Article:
This week has been busy. It is bee season (and baby season in general on a farm). New chicks, new ducks, new geese, new cows (soon!), and new bees. This week we had the great adventure of capturing 2 honeybee swarms. 1 was mine, 1 was not. Shame and pride all in one week.
Swarms are an amazing thing. 20,000+ bees & their queen streaming out of a hive all at once and setting off to find a new homeland. They are mostly harmless at this point. No home = no sting, usually. It’s a sign of success to the colony (Yea! we survived winter and can head off to find our own place.) but a sign of potential loss to the beekeeper (Boo! $125 worth of bees just flew away.). So during swarm season the enterprising beekeeper is ready; carrying all your gear around in the car ready. Swarm calls can happen at any time: during a funeral service or as you’re saying goodbye to your child for a week at Grandma’s. Both happened this week.
My hive that swarmed was at our bee yard at Ninja Cow Farm. I had just removed that
hive’s old queen just 20 days earlier in attempt to head off the swarm instinct. But these girls were so gleeful about spring they raised a new queen who hatched, mated, and swarmed all within 20 days. Amazing. Want to see the swarm & me in a backhoe bucket? You can see the video and read Dan’s wonderfully witty writing here. The swarm retrieval was pretty easy despite my kryptonite: heights. But it couldn’t have happened in a better place. At Dan’s farm you say “This would be easy if only we had a ____.” Whatever goes in that blank, Dan has it. Cool big kid tools make light work.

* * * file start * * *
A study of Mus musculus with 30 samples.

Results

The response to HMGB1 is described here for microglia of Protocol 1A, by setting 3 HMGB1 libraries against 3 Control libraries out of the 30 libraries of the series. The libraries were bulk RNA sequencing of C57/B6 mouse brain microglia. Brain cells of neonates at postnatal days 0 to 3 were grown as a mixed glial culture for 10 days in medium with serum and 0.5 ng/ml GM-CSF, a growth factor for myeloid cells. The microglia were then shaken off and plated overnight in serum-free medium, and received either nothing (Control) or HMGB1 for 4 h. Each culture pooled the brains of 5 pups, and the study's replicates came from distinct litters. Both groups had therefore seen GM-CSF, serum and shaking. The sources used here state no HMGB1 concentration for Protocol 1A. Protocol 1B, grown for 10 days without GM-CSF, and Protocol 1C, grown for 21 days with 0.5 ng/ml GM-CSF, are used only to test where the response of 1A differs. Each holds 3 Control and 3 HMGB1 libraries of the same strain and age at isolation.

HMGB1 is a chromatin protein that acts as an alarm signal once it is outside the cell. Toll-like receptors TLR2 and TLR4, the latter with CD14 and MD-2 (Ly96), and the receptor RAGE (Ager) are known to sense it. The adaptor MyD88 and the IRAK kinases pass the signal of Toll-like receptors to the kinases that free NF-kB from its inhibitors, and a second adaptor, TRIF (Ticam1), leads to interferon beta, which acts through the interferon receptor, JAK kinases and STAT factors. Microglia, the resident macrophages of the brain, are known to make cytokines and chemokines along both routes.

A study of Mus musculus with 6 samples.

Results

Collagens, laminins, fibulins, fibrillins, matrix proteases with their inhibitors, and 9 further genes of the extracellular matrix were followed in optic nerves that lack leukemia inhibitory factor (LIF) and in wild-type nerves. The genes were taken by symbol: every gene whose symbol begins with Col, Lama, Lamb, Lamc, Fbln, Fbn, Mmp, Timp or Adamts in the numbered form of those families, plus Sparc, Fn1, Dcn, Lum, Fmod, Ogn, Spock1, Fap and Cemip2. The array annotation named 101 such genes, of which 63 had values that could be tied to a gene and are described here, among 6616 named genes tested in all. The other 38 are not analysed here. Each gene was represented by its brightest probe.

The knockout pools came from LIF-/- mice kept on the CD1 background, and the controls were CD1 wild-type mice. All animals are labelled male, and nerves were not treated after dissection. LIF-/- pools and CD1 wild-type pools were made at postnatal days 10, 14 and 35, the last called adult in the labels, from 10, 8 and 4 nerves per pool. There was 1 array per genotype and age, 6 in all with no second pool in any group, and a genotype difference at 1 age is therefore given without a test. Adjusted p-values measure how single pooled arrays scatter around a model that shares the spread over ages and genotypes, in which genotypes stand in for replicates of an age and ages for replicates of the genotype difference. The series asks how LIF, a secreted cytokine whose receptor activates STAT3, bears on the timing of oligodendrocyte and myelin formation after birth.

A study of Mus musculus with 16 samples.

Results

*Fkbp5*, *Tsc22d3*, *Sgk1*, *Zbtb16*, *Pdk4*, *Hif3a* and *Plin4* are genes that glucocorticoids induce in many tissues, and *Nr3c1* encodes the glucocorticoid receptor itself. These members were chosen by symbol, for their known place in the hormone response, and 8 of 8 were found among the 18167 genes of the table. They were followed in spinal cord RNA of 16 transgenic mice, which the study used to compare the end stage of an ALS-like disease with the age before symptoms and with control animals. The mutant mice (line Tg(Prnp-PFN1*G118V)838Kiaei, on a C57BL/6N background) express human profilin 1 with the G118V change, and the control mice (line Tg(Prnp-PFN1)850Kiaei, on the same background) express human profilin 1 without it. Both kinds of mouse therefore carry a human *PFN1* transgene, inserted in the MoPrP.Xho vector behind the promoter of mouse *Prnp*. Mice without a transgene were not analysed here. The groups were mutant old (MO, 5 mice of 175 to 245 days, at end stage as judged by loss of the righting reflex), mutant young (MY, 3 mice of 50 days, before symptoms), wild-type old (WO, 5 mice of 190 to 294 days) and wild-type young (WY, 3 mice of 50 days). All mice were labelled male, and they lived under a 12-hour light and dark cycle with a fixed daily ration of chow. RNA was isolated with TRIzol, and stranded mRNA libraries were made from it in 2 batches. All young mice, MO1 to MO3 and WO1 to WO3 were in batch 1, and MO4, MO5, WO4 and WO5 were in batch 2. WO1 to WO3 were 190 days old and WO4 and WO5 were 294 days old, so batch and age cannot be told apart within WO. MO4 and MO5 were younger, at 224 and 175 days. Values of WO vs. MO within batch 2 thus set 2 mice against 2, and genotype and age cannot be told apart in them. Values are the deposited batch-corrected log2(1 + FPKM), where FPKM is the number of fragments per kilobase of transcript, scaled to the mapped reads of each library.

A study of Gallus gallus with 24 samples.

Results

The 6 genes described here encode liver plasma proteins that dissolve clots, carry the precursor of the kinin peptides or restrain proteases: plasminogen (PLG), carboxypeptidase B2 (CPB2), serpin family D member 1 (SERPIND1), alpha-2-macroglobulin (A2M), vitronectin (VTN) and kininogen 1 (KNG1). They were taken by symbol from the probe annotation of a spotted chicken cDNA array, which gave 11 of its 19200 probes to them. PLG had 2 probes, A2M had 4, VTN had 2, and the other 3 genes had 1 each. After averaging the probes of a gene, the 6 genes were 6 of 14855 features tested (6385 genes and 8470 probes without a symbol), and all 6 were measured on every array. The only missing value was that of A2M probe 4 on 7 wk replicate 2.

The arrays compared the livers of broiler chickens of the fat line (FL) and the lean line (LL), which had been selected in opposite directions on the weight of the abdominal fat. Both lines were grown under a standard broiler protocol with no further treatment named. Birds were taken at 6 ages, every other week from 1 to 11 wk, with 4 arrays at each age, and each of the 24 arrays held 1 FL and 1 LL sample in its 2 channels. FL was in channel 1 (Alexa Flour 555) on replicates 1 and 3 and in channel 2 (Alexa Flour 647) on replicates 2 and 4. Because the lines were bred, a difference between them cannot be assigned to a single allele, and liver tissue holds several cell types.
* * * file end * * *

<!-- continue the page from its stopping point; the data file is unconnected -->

As the swarm on the tree settled into their temporary box, the real work started. I approached the bee yard and audibly asked “Ok, Who did this?” Much buzzing. I checked several suspect hives until I found the culprit – the recently queenless hive from weeks earlier! Despite the swarm leaving, the population of bees was booming and still preparing for more. I encountered no less than 7 virgin (unmated) queens running amok in the hive plus an additional 8-10 unhatched queen cells. Whoa folks – 1 queen per hive is the standard. These girls were planning to keep casting off swarms until there was no one left at home.
Seizing the opportunity for free, fresh royal ladies, I set to work extracting the spirited
virgins and cutting out the remaining unhatched queens. Many beekeepers replace one or two year old queens in the spring/fall to keep their hives humming. Queens cost $25-45 each with shipping. So you can understand my glee: swarm captured and new leaders in the wings. Pun intended. Dan walked by hours later and said “You still here?” As I explained the queeny windfall, I spied a cluster of bees on my pants – another queen. Some days you search for hours to find a queen. Today they were everywhere.
The upside of all these mini colonies I’m creating with the new queens is that they are resource hives for us. We can pull frames from any of the nano hives to bolster production colonies just before a nectar flow. Like now. The swarmy hive at Ninja Cow who just lost a good portion of their forager force in the swarm wouldn’t usually produce surplus honey. But I’m planning to call up some reserves from the single lady hives to beef up our production colonies and hopefully make the big girls ready to roll for the spring flow. Now the honey supers are on and waiting for it to rain – nectar that is.